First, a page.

Say what you will about its ongoing relevance, but the Consumer Electronics Show has, in years past, offered just what it has claimed to: a glimpse of the future of gadgetry. The show saw the public introduction of the VCR. And of the camcorder. And the CD player. And the DVD. And the plasma TV.
The trade show's increasingly enormous floor has also introduced, however, innovations of a decidedly less game-changing variety. Some of them have been prescient. Some of them have been puerile. Many of them have been weirdly, wonderfully wacky. With that in mind, here's an incomplete list of some of the craziest gizmos introduced at CES gatherings past. And here's to all the Butler-in-a-Boxes that will be unleashed upon the world at this year's show.
The FM stereo headset that could "be worn, Martian-like, on the head," 1969: Panasonic's headphones, debuted at one of the first CES gatherings in New York City, made their wearer, apparently, "look like a 'man from Mars' with two antennas pointing out." They sold for about $100 in contemporary currency.
The personalized car alarm, 1969: The "Moonlighter" speaking car alarm, debuted at the same CES, traded the typical siren for a more customized message. (The one sampled at the show: "Help! I am a Buick Riviera, New York license number XXXX. I am being stolen! Help! Call the police!")
The voice-controlled calculator, 1982: Introduced by Panasonic, the device would actually prove pretty prescient. (Newsweek, however, couldn't help but poke a little fun when describing the product's appeal: "In other words, you may never have to punch those little buttons again (was it ever so hard?)")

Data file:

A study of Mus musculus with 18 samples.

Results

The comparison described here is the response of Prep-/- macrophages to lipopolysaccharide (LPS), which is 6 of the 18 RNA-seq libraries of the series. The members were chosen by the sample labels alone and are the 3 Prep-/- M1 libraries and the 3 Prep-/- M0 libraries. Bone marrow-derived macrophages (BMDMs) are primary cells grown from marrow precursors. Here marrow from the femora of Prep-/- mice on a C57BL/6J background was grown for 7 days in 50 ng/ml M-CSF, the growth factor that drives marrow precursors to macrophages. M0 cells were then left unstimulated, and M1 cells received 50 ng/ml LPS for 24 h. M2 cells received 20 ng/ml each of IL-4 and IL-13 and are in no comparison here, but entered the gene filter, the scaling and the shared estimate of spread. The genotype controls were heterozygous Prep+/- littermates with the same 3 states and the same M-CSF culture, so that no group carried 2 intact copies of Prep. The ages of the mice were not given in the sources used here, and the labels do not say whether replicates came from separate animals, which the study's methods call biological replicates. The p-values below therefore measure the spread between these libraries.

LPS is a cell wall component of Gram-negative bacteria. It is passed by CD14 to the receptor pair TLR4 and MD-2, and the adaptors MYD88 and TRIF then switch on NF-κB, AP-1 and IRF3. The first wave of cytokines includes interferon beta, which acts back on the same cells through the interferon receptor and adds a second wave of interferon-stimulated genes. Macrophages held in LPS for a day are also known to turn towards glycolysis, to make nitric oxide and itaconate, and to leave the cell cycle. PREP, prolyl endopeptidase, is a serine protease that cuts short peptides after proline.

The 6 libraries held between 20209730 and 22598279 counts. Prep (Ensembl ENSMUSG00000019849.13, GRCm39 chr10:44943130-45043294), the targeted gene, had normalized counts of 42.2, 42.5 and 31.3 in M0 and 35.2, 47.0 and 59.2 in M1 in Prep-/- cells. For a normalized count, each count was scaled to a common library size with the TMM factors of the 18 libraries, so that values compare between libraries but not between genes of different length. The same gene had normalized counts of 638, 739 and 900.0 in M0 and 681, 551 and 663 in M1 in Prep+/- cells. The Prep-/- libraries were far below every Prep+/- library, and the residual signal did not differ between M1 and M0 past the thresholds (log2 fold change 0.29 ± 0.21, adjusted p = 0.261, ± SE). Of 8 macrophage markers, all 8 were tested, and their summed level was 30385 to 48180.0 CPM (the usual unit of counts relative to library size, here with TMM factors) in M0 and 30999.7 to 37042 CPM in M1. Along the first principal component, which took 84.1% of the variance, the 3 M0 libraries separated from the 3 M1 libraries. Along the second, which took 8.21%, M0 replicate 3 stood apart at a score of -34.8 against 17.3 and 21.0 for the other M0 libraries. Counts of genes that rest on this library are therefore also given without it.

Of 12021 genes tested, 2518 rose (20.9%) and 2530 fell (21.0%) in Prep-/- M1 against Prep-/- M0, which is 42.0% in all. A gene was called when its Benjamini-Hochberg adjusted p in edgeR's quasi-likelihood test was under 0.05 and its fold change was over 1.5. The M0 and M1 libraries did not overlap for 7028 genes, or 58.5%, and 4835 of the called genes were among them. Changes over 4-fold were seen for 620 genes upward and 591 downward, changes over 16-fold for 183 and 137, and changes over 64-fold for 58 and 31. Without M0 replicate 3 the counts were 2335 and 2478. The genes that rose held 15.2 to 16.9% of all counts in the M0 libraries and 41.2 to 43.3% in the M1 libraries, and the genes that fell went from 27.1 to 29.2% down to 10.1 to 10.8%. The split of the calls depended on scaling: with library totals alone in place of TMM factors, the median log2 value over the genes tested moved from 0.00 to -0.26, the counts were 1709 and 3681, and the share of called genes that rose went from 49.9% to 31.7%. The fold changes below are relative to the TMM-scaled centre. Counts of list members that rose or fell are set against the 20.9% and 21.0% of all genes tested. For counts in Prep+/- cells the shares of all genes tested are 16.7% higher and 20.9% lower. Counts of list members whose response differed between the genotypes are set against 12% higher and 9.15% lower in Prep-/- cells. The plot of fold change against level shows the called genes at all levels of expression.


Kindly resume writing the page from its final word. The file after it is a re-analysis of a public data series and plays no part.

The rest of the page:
The Diet-Trac Personal Diet Computer, 1982: The pioneering fitness gadget, launched by (!) Mattel, tallied calorie, carbohydrate, and protein totals after its user entered each day's meals. Then, using a points system, it offered the dieter recommendations about what to eat "in order to stay healthy and keep those pounds off." The device—which was, according to Newsweek, "a hand-held wonder no larger than a standard calculator"—retailed for $55.
The Expansion Phone, 1983: This was a telephone, "made of flexible tubing," that coiled "up and down like a snake." It sounds, basically, like a phone cord with the phone part built-in. ''I can tell you quite honestly it's not a necessity in life,'' Joel Schwartz, the photographer from New Jersey who invented the phone, told The New York Times of his gadget. ''But it's a crowd pleaser.
The "solar-powered calculator that resembles a credit card," 1983: The calculator, by Canon, was apparently small and flat. It had competition, apparently: According to the Times, "Technico, the United States marketing arm of a Taiwanese company, showed a calculator that even bends like a credit card."
The "world's thinnest radio," 1985: Casio's FM card radio weighed just 0.7 ounces and had a thickness of 1.9 millimeters. It was, according to The Washington Post, "one of the most popular items" at the Winter Consumer Electronics Show.
The colored microwave, 1985: The popular oven, at one of the 1985 shows, featured new cabinetry that included varied shades. Sanyo, per one report, "featured four colors on the show floor—red, tan, green, and yellow." (This would foreshadow a trend reported for the following year's show: "fashion electronics," which, apparently, "can be translated loosely to mean hot pink stereo components, bright yellow boom boxes, lavender telephones, and lacquered plum TV sets."
The VCR-Rabbit, 1986: The "connected home" precursor allowed its users to transmit the video/audio signal from a single VCR into any TV set in the home. The product's transmitter and receiver combination sold for about $50. It also featured one of the most delightful TV commercials of the 1980s, which is saying a lot.
The Videowriter, 1986: Magnavox's word-processing unit, "which is being dubbed the solution for those caught between a typewriter and a computer," was a combination of a printer, disc memory, an electronic dictionary, keyboard, and video screen. "At $800," the Chicago Tribune noted, "it costs about the same as some high-end typewriters, but much less than a personal computer with word-processing capability."